Quebec’s recently released draft for a new agri-food policy, “Giving a Taste of Quebec,” doesn’t include all the ingredients that many in the sector had expected.
Pierre Corbeil, the Quebec minister of agriculture, fisheries and food, unveiled the long awaited parliamentary “green paper” (draft policy) on June 7, 2011. The document featured three principal components with the consumer being the main focus of the policy, not agricultural producers. Secondly, a parliamentary commission will be convened to consult and formulate the details of the new policy which will then be enacted into law.
The head of the official representatives of Quebec farmers, the Union des Producteurs Agricoles (UPA), Christian Lacasse, took issue with many key aspects contained in the green paper.
“We expected more substance three years after the Commission on the Future of Agriculture and Agri-Food in Quebec’s report,” Lacasse said in an email interview. His reference is to the Pronovost report, released in 2008, which carried out a comprehensive review of Quebec’s exisiting agri-food policies and programs. The Pronovost report underlined the need for a new agri-food policy in Quebec.
Lacasse also had something to say about the policy’s focus on the consumer. “We must keep in mind that there can be no food without agriculture, or without farmers.” He added that “Farmers… do not want a U.S.- inspired industrial model for agriculture.”
The UPA represents 43,000 farmers in Quebec. It advocates for more support for small family farms, which is in contrast with the green paper’s consumer-based focus.
Corbeil countered that “The green paper was made after reflection and collaboration with our partners in the agri-food sector,” adding that “The vision is clear.”
He noted that the green paper could also be periodically revised to reflect future changes in the sector. “We take note of the interdependence and the interconnectivity of all the agri-food sectors,” Corbeil said. “We want to adjust the industry so that the available products respond to the needs of the consumer.”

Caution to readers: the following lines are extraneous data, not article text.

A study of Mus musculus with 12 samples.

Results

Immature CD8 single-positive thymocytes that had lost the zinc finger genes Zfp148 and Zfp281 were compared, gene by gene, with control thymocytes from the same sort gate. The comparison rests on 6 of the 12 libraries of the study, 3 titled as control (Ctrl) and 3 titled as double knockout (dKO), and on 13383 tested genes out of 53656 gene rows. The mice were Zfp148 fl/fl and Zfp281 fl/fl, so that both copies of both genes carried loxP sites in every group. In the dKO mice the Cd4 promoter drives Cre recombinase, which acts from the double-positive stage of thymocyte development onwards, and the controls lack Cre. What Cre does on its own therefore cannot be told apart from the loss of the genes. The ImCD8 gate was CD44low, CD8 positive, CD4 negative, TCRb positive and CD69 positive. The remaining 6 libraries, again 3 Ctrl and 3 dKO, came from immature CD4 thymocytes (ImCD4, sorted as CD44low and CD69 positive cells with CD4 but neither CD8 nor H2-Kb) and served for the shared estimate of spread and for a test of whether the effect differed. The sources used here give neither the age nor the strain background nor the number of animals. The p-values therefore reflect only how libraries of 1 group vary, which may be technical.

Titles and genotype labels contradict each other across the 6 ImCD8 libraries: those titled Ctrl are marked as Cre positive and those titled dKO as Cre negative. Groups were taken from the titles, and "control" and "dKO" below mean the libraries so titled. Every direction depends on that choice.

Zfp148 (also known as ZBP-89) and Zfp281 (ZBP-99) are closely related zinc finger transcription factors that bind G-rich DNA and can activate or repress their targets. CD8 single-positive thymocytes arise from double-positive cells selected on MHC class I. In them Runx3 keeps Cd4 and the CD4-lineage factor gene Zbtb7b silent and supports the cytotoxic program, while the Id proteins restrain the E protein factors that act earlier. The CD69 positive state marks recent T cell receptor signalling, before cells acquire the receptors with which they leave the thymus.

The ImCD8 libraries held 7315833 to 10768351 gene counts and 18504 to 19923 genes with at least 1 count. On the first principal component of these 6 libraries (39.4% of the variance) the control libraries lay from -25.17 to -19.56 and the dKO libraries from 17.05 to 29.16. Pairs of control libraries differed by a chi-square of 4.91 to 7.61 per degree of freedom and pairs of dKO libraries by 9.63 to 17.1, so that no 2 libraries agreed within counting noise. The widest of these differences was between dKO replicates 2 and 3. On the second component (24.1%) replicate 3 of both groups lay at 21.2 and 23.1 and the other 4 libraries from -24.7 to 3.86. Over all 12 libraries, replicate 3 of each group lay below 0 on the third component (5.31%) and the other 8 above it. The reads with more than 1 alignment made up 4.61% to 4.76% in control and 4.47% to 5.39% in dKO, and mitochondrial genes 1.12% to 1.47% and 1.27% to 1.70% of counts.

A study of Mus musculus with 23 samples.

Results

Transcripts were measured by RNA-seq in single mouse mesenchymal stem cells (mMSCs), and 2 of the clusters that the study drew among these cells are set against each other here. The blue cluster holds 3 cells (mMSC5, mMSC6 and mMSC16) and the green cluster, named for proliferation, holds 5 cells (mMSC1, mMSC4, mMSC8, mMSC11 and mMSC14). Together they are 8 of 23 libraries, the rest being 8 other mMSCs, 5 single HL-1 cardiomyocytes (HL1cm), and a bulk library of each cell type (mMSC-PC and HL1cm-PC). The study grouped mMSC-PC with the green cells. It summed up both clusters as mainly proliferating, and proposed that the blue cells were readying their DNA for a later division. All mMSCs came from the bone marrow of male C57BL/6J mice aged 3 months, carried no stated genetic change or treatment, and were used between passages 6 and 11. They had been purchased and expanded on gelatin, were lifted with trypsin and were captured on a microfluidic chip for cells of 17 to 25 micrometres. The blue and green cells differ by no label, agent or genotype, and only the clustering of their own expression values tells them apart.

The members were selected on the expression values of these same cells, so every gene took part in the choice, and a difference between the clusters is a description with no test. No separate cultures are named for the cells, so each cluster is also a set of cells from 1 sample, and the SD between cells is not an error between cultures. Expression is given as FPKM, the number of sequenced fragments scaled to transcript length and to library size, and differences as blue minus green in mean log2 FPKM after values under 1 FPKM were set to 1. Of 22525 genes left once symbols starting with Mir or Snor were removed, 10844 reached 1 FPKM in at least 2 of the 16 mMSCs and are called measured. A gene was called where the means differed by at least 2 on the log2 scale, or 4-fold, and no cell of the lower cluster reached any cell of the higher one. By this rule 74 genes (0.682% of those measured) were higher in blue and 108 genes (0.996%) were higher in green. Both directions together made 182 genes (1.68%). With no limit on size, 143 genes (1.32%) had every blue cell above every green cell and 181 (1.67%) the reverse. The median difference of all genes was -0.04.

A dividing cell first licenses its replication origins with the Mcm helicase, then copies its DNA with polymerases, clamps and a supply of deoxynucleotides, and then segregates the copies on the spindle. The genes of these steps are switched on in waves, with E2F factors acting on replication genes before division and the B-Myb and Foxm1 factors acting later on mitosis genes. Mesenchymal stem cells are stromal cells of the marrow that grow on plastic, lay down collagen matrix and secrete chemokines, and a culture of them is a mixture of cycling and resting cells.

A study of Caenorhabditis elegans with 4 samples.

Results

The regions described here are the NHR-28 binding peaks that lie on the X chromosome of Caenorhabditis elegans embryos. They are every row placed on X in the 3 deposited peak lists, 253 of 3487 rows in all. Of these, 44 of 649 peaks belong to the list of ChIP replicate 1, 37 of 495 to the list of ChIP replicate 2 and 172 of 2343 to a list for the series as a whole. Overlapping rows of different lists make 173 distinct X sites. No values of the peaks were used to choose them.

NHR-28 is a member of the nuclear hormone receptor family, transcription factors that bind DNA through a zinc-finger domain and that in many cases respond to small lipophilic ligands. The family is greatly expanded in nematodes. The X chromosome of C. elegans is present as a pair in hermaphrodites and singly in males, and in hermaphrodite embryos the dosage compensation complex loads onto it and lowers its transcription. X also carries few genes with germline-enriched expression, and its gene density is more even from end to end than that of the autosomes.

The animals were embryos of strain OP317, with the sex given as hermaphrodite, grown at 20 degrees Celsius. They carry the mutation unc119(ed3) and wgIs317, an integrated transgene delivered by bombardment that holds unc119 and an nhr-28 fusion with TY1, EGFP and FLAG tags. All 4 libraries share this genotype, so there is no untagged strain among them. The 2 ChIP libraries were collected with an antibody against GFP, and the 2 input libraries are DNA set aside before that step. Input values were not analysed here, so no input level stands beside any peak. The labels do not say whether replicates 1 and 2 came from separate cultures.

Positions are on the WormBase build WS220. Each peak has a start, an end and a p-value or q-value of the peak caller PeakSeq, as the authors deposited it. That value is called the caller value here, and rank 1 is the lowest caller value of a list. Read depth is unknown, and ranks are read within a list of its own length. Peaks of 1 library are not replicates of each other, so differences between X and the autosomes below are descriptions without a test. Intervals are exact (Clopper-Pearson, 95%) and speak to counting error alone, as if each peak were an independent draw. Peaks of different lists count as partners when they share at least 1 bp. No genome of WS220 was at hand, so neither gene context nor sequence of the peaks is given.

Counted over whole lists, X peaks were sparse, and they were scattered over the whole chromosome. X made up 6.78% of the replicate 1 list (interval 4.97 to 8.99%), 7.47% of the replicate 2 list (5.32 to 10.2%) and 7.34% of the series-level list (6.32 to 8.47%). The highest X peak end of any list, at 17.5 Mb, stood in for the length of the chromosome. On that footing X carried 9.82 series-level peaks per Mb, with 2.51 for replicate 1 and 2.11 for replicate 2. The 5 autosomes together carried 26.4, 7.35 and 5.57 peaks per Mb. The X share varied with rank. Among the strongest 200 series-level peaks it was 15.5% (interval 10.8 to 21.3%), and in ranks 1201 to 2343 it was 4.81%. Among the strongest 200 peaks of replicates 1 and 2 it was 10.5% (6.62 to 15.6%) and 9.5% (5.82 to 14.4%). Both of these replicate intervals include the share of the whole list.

Another focus of the draft policy is to better distinguish Quebec food products from those coming from elsewhere, and to strengthen the competitive capabilities of the sector. Lacasse believes that this doesn’t go far enough and a greater focus on buying local is needed.
“We can clearly do better by adopting, for example, a specific policy that values Quebec food and which would include a minimum percentage of Quebec products in our supermarkets.” Currently, according to the green paper, 45 per cent of Quebecmade food products are sold within the province.
The role of the UPA as the sole official representative organization for farmers had been put into question during the parliamentary commission that led to the green paper. Although there was no specific recommendation for action in this regard, the issue is still alive.
“It is a question posed in the green paper. We will have a parliamentary consultation and then see how that turns out,” Corbeil said.
Lacasse did not seem threatened. “We already know Quebec farmers want to maintain a single organization to represent them and negotiate on their behalf, as demonstrated by our 95 per cent rate of voluntary membership.”
Despite the reaction of the UPA, Corbeil stands behind the green paper. “Generally, it has been well received,” he said. “It creates the foundation for the first-ever agri-food policy in Quebec.”